ICJ can’t nullify Kulbhushan Jadhav’s death sentence: Pakistan’s Sartaj Aziz
The International Court of Justice has not given any order regarding consular access for Kulbhushan Jadhav, who has been sentenced to death by Pakistan, the country’s top diplomat Sartaj Aziz said on Saturday.india Updated: May 21, 2017 08:52 IST
Pakistan said on Saturday its domestic laws will prevail in the case of Kulbhushan Jadhav and the International Court of Justice cannot nullify his death sentence, reflecting a hardening of Islamabad’s position after the UN’s highest legal body stayed the former Indian Navy officer’s execution.
Sartaj Aziz, the adviser on foreign policy to Prime Minister Nawaz Sharif, said while addressing a news conference with foreign secretary Tehmina Janjua that the ICJ had not given any ruling on providing consular access to Jadhav. “There was no operative order on consular access,” he said.
Interior minister Chaudhry Nisar Ali Khan said Jadhav’s case would be taken to its “logical conclusion” according to Pakistan’s Constitution and laws. Pakistan’s stance at the ICJ would be based along these lines, he told the media on the margins of an official function near Peshawar.
Following widespread criticism of Pakistan’s legal team after the ICJ stayed Jadhav’s execution on Thursday, attorney general Ashtar Ausaf Ali said he would represent the country in future hearings at The Hague-based court.
Aziz noted the ICJ is sensitive about the right to life and death sentences and had a tradition of ruling against the death penalty. But he contended Pakistani laws would prevail in Jadhav’s case.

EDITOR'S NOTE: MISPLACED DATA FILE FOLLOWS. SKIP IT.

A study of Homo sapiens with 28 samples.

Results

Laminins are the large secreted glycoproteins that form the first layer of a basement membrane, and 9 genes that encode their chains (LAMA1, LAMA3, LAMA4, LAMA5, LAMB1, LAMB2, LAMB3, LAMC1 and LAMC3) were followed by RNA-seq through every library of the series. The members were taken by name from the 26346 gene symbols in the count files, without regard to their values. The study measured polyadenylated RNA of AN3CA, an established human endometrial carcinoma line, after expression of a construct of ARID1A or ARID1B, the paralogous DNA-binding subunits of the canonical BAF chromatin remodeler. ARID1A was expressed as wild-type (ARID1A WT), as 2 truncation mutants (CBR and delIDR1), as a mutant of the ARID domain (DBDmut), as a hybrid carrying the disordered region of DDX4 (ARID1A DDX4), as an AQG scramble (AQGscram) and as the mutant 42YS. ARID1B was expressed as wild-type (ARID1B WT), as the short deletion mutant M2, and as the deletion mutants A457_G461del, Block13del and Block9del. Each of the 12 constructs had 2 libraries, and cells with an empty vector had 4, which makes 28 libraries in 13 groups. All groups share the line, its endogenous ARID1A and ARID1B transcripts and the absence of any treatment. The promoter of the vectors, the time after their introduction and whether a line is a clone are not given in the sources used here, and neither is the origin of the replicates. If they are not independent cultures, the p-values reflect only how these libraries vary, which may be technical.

“They cannot override a country’s laws allowing the death penalty. If according to our laws, someone gets the death penalty, they can’t nullify it,” he said.
In response to a question, Janjua said Pakistan had received an appeal from Jadhav’s mother against his death sentence and was examining it.
Aziz said Jadhav was sentenced under the law of the land and he had accepted his role in “terrorist activities”. In response to questions, he said: “It (ICJ) is not an appeal court that it can set aside the conviction or make some change. They have to see if there was due process (in Jadhav’s case) according to our Constitution and laws.”
He added, “The issues of merit and jurisdiction remain on the table. They (ICJ) said we will hear this case and during this time, don’t execute him. The case doesn’t change and our position doesn’t change.”
“On merit and jurisdiction, our position is strong,” Aziz said, adding Pakistan will be able to present evidence of Jadhav’s alleged involvement in “terrorism, insurgency and espionage” at the court in The Hague.
The ICJ has ordered Pakistan to stay Jadhav’s execution until its final decision on India’s petition to annul his death sentence. The ICJ rejected Pakistan’s argument that it had no jurisdiction in the matter and acknowledged the urgency of Jadhav’s case.
Chiding the Pakistan media for presenting a “wrong impression of the case”, Aziz said India’s perceived victory was “like air in a bubble”.
Aziz acknowledged that Pakistan had little time to prepare its case before the hearing at the ICJ on May 15. “We were given only five days to nominate an ad hoc judge, which was not possible,” he said, adding the lawyer selected to represent Pakistan – London-based Khawar Qureshi – was the consensus choice of all stakeholders.
Pakistan has so far submitted two dossiers to the UN on India’s alleged involvement in terrorist activities within the country, including one that was presented by Prime Minister Nawaz Sharif to the UN Secretary General, he added.
Aziz said in response to a question that it was wrong to link Jadhav’s case to a recent meeting between Sharif and Indian steel magnate Sajjan Jindal, who visited Pakistan last month. “It was a private visit of a private friend,” he said.
The Nawaz Sharif government is under pressure over the ICJ order, with many quarters insisting the choice of legal team and its tactics were wrong. Syed Khursheed Shah, the Leader of Opposition in the National Assembly, described the order as a setback and said the government’s negligence is evident.